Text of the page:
Drainville just doesn't get it

By Beryl Wajsman on February 17, 2014

Yes, I know. The title of this piece is an understatement, at the least, given my previous critiques of most elements of Bill 60. But this is not about the law, it is about the man.

As I have written before, reasonable people can agree that laity in the areas of the public square where we make laws, interpret them and enforce them has a long history of tradition and jurisprudence in western democracies. There have even been lay regulations in public schools that have withstood tests of intellectual rigour and legal challenge. What is not acceptable about Bill 60 is the breadth and depth of its imposition of secularism in areas such as healthcare where it is irrelevant. It should not, and must not, be imposed beyond the confines described here.

But law is more than about the words in a bill. It is about how it is debated, written and applied. It is about just and due process. As Oliver Wendell Holmes famously stated, “Justice must be seen to be done as well as to be done.” This is the reason for the title of this editorial.  Bernard Drainville doesn’t seem to understand that justice must be seen in the process in order to have any hope of actually achieving just law.

The reason it is important to write about this today, is Minister Drainville’s unacceptable badgering of Angela Mancini, Chair of the English Montreal School Board’s Council of Commissioners, at the Bill 60 hearings last week. Mancini was presenting the EMSB’s brief on the issue. In it she stated that the EMSB would never apply the law as written if passed in the current form. She pointed out that the Bill was directly at odds with Quebec Education department directives on respecting, teaching and accommodating diversity in schools.

In the question period that followed, Drainville unceasingly badgered Mancini on one point – whether Mancini was suggesting and supporting civil disobedience. The manner of his questioning was so unrelenting, the cadence of his words so aggressive, that the Chair of the committee asked Mr. Drainville to restrain his rhetoric. A Liberal member of the committee reminded Drainville that this was not a trial and he was not a prosecutor. And this too is something Drainville does not get. He confuses consultation with coercion.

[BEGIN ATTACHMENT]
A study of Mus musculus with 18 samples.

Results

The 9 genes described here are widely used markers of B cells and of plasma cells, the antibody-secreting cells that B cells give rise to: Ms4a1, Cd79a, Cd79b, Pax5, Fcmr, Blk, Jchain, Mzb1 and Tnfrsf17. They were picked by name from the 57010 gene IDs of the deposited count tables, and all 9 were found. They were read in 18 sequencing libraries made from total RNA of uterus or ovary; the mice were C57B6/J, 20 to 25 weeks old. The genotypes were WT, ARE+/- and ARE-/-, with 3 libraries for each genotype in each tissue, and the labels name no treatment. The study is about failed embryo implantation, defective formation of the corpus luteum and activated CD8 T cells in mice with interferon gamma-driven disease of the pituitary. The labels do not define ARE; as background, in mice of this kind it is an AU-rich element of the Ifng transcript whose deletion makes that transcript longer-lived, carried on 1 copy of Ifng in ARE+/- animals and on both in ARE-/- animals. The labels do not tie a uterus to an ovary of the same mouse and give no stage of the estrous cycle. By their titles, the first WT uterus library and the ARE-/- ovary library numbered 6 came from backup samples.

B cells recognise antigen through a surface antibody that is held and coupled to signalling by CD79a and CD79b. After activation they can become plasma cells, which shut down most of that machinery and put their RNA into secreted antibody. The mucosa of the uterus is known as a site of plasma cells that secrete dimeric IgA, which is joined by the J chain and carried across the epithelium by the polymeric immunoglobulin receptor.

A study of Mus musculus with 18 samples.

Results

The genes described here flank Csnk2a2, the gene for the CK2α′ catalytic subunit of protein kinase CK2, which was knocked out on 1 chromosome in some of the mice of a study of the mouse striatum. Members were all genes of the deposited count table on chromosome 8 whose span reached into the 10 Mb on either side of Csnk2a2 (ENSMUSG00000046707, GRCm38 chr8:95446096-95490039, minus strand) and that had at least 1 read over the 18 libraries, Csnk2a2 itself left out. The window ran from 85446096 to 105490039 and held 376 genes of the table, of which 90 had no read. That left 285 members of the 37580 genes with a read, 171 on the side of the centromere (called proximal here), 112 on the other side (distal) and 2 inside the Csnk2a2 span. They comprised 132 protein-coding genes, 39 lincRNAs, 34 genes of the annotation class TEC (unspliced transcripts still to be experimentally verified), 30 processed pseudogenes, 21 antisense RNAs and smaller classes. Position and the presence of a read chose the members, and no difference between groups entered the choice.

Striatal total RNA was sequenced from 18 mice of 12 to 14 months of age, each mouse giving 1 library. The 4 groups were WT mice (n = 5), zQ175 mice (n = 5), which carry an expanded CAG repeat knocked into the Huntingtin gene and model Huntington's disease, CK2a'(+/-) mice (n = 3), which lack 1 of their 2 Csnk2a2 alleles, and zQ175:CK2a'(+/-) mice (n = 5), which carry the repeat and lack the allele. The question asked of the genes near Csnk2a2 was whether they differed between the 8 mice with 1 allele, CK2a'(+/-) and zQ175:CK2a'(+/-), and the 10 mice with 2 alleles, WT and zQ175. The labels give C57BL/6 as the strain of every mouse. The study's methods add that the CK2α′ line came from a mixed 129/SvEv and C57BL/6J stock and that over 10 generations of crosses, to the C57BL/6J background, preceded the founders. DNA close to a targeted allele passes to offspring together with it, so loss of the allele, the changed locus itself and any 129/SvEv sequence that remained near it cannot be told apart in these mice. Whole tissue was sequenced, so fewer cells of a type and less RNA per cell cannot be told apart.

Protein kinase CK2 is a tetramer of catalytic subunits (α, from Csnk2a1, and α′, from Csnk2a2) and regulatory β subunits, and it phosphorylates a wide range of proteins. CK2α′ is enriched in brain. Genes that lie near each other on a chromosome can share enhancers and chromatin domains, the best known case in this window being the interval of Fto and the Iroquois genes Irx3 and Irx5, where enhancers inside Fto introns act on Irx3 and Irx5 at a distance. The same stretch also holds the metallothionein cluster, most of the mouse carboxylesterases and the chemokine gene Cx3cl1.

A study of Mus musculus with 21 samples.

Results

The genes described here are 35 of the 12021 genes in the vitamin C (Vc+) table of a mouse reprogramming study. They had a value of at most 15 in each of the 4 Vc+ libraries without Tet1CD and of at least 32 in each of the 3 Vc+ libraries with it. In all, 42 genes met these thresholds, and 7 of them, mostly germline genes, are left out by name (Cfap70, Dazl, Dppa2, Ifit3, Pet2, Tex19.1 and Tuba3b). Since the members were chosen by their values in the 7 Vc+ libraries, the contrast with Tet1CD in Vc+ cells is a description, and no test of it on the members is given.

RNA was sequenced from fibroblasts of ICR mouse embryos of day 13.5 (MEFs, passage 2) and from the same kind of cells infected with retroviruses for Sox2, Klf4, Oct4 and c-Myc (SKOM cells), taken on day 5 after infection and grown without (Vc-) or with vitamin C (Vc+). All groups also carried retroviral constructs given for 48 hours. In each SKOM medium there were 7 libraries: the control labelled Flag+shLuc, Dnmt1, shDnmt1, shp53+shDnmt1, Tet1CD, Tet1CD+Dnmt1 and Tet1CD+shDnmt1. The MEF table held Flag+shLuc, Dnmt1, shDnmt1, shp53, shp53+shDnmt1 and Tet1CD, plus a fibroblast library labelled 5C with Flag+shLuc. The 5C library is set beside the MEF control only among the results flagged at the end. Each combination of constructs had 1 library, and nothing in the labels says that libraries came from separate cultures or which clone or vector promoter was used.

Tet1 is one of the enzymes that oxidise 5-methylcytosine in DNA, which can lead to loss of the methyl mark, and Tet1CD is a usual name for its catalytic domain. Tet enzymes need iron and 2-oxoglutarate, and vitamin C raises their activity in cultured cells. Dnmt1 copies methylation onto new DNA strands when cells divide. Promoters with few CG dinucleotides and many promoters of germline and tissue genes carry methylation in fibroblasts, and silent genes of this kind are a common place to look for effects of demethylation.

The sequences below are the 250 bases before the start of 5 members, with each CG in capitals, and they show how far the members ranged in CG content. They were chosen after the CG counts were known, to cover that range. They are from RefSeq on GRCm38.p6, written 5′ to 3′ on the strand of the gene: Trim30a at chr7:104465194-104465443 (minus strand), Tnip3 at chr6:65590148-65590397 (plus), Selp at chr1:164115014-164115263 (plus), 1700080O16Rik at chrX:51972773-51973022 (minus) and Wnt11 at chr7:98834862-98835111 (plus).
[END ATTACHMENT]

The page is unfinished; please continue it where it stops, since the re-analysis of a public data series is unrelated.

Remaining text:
Drainville’s questioning was objectionable on several levels. First, he implied that civil disobedience was somehow a foreign element in public affairs, not only forgetting that it was only through the use of that weapon that the American civil rights movement succeeded and but indeed was a vital factor in the rise of his own party’s brand of nationalism -  heavily laced with allies practicing not only civil disobedience but some of the other kind as well – to power. It was suffocating hypocrisy. Second, Drainville evidenced a total disregard for the consultative nature of committee hearings seeking instead to intimidate Mancini, which he failed to do. Finally, the tone and tenor of his questioning was reminiscent of nothing less than US Senator Joe McCarthy and his communist witch hunts of the 1950s and his famous question, “Have you now or have you ever been…” Drainville went beyond the pale of appropriate democratic discourse.

His performance was so outrageous that it brought into stark relief the public face of his colleague Jean-François Lisée. One can disagree with Mr. Lisée, the Minister responsible for Montreal, on many issues. And he would certainly disagree with us on many. But since taking office Mr. Lisée has been punctilious in respecting civil discourse when engaging with his opponents whether as witnesses in the Assembly or in meetings in this city. He has understood, intrinsically, that part of “ justice being seen to be done” is to be respectful of opposite points of view. And it matters little whether deep within him he might like to express his opinions in a more passionate manner. He honors his office in his behavior, understands its responsibilities and shows respect to his opponents. He gets it. Mr. Drainville on the other hand, our Minister for Democratic Institutions,  could use some mentoring.

All of us would like to see as little conflict in society as possible. But we would also like to see law and legislation  not used as a two-edged sword of craft and oppression. We want it to be the staff of the just and the shield of the innocent. But when it is not, let us remember the words of Gandhi – whose writings Mr. Drainville respects – when he wrote in the 1940s that, “We are a society of laws and not of men. But when bad men make bad laws, and unprincipled officials compromise good ones, then it is time to stand up and be a man and exercise responsible agitation to stop governments from staggering drunkenly from wrong to wrong merely to perpetuate their own immortality.”